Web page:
Saturday, August 9, 2008

What would Christ have made of these top-up clauses?

(First published in the Curmudgeon column, Dominion Post and Press, August 5)

THERE’S A parable in the New Testament about a vineyard owner who goes out first thing in the morning and hires some labourers to harvest his grapes. The parties agree on a wage of one denarius for a day’s work. Later in the day – several times, in fact – the vineyard owner goes out again and recruits more workers. At the end of the day, when everyone is paid, they all get one denarius regardless of whether they have worked for one hour or 12.

The blokes who started work in the morning are peeved because the latecomers have been paid the same amount. But hang on – didn’t they agree that one denarius was fair payment for the day’s work? The landlord has kept his side of the deal, and the fact that the latecomers received the same amount is neither here nor there. Jesus Christ, who told the story, was obviously on the side of the vineyard owner.

There’s a parallel of sorts with the recent revelation that the Ngai Tahu and Tainui tribes’ Treaty settlements of the 1990s contained “top-up clauses”, which I don’t recall being publicised at the time they were negotiated. These clauses specify that the two settlements, each worth $170 million, could be ratcheted up if total Treaty settlements eventually surpassed $1 billion in 1994 terms. That point is likely to be reached soon as a result of the recent $500 million “Treelords” settlement with central North Island tribes.

In other words, $170 million was considered a fair deal by Tainui in 1995 and by Ngai Tahu in 1997, but because other tribes now stand to get bigger settlements than were apparently anticipated then, Tainui and Ngai Tahu can come back for more. This seems a bit crook to me – but then I’m neither a lawyer nor a politician.

It reminds me of the constant inflationary leap-frogging that went on with union pay rates back in the 1960s and 1970s under the guise of retaining “relativities”. That was a racket and so are the Treaty top-up clauses.

They also make a mockery of the phrase “full and final settlement”. Obviously they were full and final only till such time as Tainui and Ngai Tahu got envious of the deals other tribes were negotiating.

As usual, it’s the taxpayers who get suckered. I wonder what Christ would have said about it.

HAVE DAIRY farmers become a protected species politically?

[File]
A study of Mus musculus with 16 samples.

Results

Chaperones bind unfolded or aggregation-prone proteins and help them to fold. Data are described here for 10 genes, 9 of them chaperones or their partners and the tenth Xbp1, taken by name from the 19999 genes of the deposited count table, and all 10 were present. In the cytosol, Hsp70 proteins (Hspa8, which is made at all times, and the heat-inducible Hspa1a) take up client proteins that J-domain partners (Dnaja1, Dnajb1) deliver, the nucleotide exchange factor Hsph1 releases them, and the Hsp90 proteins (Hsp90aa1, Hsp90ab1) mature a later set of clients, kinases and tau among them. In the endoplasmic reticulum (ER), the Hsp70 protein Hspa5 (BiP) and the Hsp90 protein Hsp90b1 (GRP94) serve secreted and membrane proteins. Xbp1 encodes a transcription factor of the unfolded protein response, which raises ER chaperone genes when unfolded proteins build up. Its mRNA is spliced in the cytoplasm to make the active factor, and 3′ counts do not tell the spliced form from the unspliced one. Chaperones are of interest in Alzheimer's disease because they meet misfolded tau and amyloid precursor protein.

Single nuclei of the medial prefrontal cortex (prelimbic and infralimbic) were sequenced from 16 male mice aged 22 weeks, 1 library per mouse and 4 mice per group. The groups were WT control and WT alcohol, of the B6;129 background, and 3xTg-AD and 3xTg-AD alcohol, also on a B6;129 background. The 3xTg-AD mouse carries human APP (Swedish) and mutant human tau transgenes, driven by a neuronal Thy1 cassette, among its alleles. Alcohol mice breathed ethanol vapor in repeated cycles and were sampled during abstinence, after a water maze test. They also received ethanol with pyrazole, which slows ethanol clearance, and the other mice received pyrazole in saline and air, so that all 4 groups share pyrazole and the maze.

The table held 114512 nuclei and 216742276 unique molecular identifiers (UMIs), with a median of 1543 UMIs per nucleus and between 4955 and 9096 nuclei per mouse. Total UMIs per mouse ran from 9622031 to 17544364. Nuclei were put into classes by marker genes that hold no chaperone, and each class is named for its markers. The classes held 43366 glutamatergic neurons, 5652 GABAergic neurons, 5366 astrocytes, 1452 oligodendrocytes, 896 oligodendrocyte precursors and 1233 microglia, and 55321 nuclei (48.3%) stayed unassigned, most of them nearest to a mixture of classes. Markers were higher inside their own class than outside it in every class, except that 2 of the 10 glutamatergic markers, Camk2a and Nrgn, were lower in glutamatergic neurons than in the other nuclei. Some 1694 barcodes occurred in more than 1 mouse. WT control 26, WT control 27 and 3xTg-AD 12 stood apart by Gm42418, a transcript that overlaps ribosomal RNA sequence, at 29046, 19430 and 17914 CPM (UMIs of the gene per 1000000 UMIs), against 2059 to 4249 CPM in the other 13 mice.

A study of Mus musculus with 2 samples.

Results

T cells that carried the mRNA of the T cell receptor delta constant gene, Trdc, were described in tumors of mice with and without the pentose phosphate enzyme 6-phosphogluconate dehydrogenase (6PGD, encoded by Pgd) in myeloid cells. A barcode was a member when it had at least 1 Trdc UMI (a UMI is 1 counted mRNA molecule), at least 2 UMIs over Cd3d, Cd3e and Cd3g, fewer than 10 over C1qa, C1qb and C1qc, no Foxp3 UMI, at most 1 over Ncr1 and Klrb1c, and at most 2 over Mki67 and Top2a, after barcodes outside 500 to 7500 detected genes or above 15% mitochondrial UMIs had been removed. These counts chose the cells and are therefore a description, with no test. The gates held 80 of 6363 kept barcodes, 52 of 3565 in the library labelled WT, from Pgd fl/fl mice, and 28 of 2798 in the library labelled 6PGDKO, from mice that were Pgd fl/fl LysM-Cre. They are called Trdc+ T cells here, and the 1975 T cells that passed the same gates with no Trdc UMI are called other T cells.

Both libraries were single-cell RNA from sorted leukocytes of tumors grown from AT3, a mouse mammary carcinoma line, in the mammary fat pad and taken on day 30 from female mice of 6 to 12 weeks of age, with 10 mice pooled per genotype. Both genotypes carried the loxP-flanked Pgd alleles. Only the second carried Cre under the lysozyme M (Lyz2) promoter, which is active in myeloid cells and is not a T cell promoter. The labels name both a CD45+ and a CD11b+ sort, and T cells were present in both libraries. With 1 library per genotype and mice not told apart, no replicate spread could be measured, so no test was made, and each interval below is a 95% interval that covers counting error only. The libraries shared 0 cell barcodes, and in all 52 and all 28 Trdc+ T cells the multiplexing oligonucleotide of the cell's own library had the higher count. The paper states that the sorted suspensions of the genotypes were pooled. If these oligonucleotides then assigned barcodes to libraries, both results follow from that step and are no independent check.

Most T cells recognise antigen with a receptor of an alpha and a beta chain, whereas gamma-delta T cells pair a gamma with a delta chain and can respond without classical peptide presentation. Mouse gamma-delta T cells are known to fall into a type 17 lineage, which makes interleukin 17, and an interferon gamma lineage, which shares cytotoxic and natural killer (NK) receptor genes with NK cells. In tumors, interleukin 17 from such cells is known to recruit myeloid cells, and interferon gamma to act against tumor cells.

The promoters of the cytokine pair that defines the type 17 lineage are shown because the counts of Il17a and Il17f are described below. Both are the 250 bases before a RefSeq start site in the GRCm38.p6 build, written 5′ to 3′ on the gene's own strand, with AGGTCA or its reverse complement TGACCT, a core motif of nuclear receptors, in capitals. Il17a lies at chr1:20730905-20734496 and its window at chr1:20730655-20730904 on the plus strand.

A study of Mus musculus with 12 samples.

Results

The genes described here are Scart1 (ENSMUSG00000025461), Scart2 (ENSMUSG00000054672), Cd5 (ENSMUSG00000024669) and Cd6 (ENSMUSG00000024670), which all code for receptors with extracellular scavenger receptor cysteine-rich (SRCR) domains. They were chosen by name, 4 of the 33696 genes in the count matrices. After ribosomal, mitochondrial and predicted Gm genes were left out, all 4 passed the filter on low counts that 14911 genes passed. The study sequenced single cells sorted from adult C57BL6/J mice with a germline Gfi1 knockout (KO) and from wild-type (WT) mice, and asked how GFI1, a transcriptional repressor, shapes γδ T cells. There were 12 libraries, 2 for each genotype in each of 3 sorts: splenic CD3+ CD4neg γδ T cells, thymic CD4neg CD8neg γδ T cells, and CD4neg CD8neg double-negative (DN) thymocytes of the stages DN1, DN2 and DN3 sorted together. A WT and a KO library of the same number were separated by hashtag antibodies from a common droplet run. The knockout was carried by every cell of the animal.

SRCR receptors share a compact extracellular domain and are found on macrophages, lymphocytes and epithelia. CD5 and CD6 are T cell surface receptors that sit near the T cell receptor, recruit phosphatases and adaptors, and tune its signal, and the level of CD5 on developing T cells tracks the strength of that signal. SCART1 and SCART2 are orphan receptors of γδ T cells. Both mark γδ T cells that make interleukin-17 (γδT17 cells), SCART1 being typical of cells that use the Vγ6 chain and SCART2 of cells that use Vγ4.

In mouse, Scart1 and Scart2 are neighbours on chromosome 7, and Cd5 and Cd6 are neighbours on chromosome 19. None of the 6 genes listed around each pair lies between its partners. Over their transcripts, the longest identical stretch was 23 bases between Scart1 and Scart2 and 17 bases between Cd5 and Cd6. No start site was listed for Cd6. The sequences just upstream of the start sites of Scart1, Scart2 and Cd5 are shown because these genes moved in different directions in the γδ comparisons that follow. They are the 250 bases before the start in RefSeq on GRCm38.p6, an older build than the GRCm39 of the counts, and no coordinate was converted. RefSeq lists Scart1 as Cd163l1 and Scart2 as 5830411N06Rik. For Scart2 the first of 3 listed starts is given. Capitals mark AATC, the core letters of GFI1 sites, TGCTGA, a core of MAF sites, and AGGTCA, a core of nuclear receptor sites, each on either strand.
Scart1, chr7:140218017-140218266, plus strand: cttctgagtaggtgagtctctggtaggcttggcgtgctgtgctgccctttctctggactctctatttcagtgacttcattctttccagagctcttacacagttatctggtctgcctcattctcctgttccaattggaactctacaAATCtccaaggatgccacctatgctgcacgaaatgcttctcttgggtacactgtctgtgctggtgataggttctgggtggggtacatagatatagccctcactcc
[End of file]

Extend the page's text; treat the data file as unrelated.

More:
In a decision that went against Hawke’s Bay Regional Council policy and the advice of the council’s own staff, a hearings panel recently granted an application to take water from two already stressed rivers at the rate of 215,000 cubic metres a week for new dairy farms in central Hawke’s Bay.

The applicants reportedly spent $3 million on dairy conversions before gaining resource consents and said they invested heavily in irrigation equipment on the understanding they would get approval. In other words, the hearings panel appears to have been presented with a fait accompli.

Urban property developers cottoned on to this approach long ago, exceeding maximum building height limits and then seeking retrospective approval knowing no council would be brave enough to demand that they tear down what had already been completed.

In an interesting choice of wording, the hearings panel decided the farmers’ application called for a “pragmatic approach”. As a disgruntled Fish and Game Council pointed out, the panel’s approval sends the message that farmers can expect to get resource consent on the basis of their investment in infrastructure.

The decision is highly provocative because the regional council acknowledges that the rivers concerned, the Tukituki and the Waipawa, are already over-allocated and have very low flow levels in summer. But it’s merely an example in microcosm of a much wider problem.

The aggressive spread of dairy farming into areas ill-suited for dairying, such as central Hawke’s Bay and the Canterbury Plains, is New Zealand’s environmental elephant in the kitchen. The impact of massive irrigation demands, heavy fertiliser application and polluted runoff is ignored because the dairying boom is helping to prop up a sagging economy. There is powerful pressure not to stand in the way.

And if you think it’s stretching things to suggest dairy farmers enjoy a degree of immunity from the processes other people are subject to, just think back to the dairy industry mega-merger that created Fonterra. Parliament passed special legislation exempting the merger from Commerce Commission scrutiny, thus sending a signal that dairy interests were to be accorded special treatment. The message seems to have got through.

COULD WE have a moratorium on this overworked word “stunning”? Stunning wines, stunning homes, stunning TV shows, stunning views, stunning fashion, stunning restaurants … the entire nation must be in a permanent state of concussion. Once confined to the hyperbole-strewn ghetto of real estate advertising, the word has spread like an invasive weed.

Is it now the second most frequently used word in the English language, after absolutely? “Absolutely”, I hear you chorus.